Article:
At the Santa Ana, Calif., headquarters of Rokform, a three-year-old phone accessory maker, there’s a 3-D printer sitting next to the lead designer’s desk, so that he can quickly turn out prototypes. In a nearby shop, a pair of $100,000-plus automated machines carves iPhone docking stations out of solid aluminum.
And when Rokform began delivering its latest product to Target stores last month – a $70 mount to attach a smartphone to a bike’s handlebars – owners Jeff Whitten and Craig Erion farmed out work to four other nearby shops, utilizing their similar machines to fill store shelves.
But when Rokform scrambled to churn out plastic protective cases for Apple’s new iPhone 5C in September, and Samsung’s Galaxy S4 earlier this year, it turned to China. Factories there had the phone dimensions ready to go, which offered a critical first-to-market advantage.
Rokform’s dual production models illustrate the manufacturing realities faced by many small companies. Keeping work close to home still makes sense, if an early-stage product needs lots of tweaking and monitoring by specialists, or if it involves heavy automation and little labor. Otherwise, it’s hard to compete with the countless manufacturing options and low wages in China – and, increasingly, even lower-cost countries such as Vietnam and Indonesia.
“We had to go over there,” Erion said. “We’d like to do it here, but sometimes we can’t.”
Consumers themselves are at least partly to blame for the decline. For all the talk about “Buy American,” most customers who see a row of iPhone or Android phone cases on the shelves of a big-box retailer are thinking only about quality and price, said Esmael Adibi, director of the Anderson Center for Economic Research at Chapman University.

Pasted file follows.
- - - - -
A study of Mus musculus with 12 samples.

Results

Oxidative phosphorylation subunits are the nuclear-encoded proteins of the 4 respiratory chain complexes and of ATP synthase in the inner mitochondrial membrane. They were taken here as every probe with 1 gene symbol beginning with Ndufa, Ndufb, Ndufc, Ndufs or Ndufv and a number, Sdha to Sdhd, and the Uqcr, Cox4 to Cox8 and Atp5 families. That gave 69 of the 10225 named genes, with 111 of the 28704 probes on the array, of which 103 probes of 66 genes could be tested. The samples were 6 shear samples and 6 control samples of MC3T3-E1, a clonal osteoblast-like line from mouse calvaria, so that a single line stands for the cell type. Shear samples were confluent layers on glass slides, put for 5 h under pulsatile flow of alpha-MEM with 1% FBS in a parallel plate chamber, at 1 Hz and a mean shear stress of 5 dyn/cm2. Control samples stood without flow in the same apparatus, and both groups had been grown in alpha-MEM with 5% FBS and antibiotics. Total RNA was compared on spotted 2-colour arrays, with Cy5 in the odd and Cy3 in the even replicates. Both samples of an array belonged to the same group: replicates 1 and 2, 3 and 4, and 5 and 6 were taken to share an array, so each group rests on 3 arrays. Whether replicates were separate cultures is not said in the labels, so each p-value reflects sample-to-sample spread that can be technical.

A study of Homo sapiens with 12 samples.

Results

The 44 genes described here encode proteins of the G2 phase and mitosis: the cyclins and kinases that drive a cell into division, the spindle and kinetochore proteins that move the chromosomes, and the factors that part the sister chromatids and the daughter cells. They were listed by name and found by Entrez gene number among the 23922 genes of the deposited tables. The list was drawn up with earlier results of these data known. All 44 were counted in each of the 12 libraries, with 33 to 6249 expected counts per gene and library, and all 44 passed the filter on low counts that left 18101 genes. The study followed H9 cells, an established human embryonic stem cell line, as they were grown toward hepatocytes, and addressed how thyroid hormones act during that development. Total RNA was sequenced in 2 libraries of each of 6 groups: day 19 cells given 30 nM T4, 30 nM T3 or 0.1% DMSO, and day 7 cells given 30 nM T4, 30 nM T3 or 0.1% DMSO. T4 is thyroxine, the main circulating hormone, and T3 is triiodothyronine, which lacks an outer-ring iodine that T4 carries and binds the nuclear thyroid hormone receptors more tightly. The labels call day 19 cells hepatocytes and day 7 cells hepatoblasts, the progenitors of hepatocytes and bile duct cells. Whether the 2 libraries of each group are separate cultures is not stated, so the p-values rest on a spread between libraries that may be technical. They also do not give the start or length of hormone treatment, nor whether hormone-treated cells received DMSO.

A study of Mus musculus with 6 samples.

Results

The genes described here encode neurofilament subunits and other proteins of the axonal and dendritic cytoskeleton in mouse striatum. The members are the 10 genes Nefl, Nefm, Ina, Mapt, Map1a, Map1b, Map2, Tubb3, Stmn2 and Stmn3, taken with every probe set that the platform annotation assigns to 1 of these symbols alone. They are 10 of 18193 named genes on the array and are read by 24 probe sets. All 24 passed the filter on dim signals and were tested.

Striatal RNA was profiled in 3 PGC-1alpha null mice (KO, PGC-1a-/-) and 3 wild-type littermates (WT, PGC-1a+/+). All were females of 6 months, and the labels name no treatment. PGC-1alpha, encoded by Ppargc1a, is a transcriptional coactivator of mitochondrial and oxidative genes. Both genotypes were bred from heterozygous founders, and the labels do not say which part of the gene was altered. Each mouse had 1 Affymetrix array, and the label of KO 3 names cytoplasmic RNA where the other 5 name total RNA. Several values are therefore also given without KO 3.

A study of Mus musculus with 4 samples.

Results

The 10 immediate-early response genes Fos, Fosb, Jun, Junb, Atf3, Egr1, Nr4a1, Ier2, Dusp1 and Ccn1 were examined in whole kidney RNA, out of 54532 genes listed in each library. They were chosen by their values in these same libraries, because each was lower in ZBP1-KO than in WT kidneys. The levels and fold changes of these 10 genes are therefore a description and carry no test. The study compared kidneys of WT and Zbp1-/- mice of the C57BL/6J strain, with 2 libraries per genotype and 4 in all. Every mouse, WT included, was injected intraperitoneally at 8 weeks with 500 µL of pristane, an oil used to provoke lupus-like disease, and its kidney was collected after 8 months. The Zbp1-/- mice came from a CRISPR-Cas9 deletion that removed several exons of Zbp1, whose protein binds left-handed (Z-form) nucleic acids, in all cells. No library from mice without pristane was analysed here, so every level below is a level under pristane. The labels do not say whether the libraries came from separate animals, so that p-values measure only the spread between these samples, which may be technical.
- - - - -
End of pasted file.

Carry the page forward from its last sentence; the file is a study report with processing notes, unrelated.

Consumers “talk the talk, but when the time comes to open the wallet,” it doesn’t matter, Erion said.
Rokform grew out of Two Brothers Racing, a more than 20-year-old maker of motorcycle parts owned by Erion and Whitten. In the companies’ shared space in Santa Ana, Rokform makes phone accessories, and Two Brothers has a shop to form motorcycle exhaust pipes.
Rokform still makes some plastic phone cases for older model phones, such as the iPhone 5, at RPM Plastic Molding in Anaheim, Calif. There, machines melt plastic beads and pump the liquid into a cavity between two steel plates.
The operator of RPM’s machine can be paid as much as $12 an hour – a cost that still makes competition with China difficult.
“Where I can be competitive is the completely automated” jobs, RPM co-owner Mike Ferik said, pointing to another machine in his facility that was automatically dropping plastic parts for neck braces into a bin on the floor.
Ferik learned his trade at age 12, standing on a box in his dad’s shop. In 2002, he had to decide whether to close or change the way he did business. Creating those steel molding plates was no longer an option.
“Our customers demanded that we (lower) prices,” he said.
Now, instead of employing a handful of people with years of training in apprenticeships to understand what can happen with a machine that shapes steel, Ferik employs dozens who don’t need much training to pull a plastic case out of a steel mold. The mold is made in China.
Ferik’s customers appreciate the ability to have direct communication and, with a quick trip to Anaheim, check on the quality of the product.
“You never know what can happen” when products are made overseas, Ferik said.
In the case of Rokform’s phone cases, being first to market is critical. To see why, consider what happened to Irvine, Calif.-based Incipio, which was among the first to make a case for the iPhone in 2007 and consequently doubled in size each year for five years. By manufacturing offshore, the company was able to quickly expand into new product lines, ranging from wallets to batteries to speakers to bags.
It’s not just the little guys, said Peter Navarro, an economist at the University of California-Irvine and director of the documentary film “Death By China.” Apple, the giant under whose shadow Rokform lives, is responding to those same forces.
“What you’ve got is a microcosm of why the American economy is growing slowly,” Navarro said.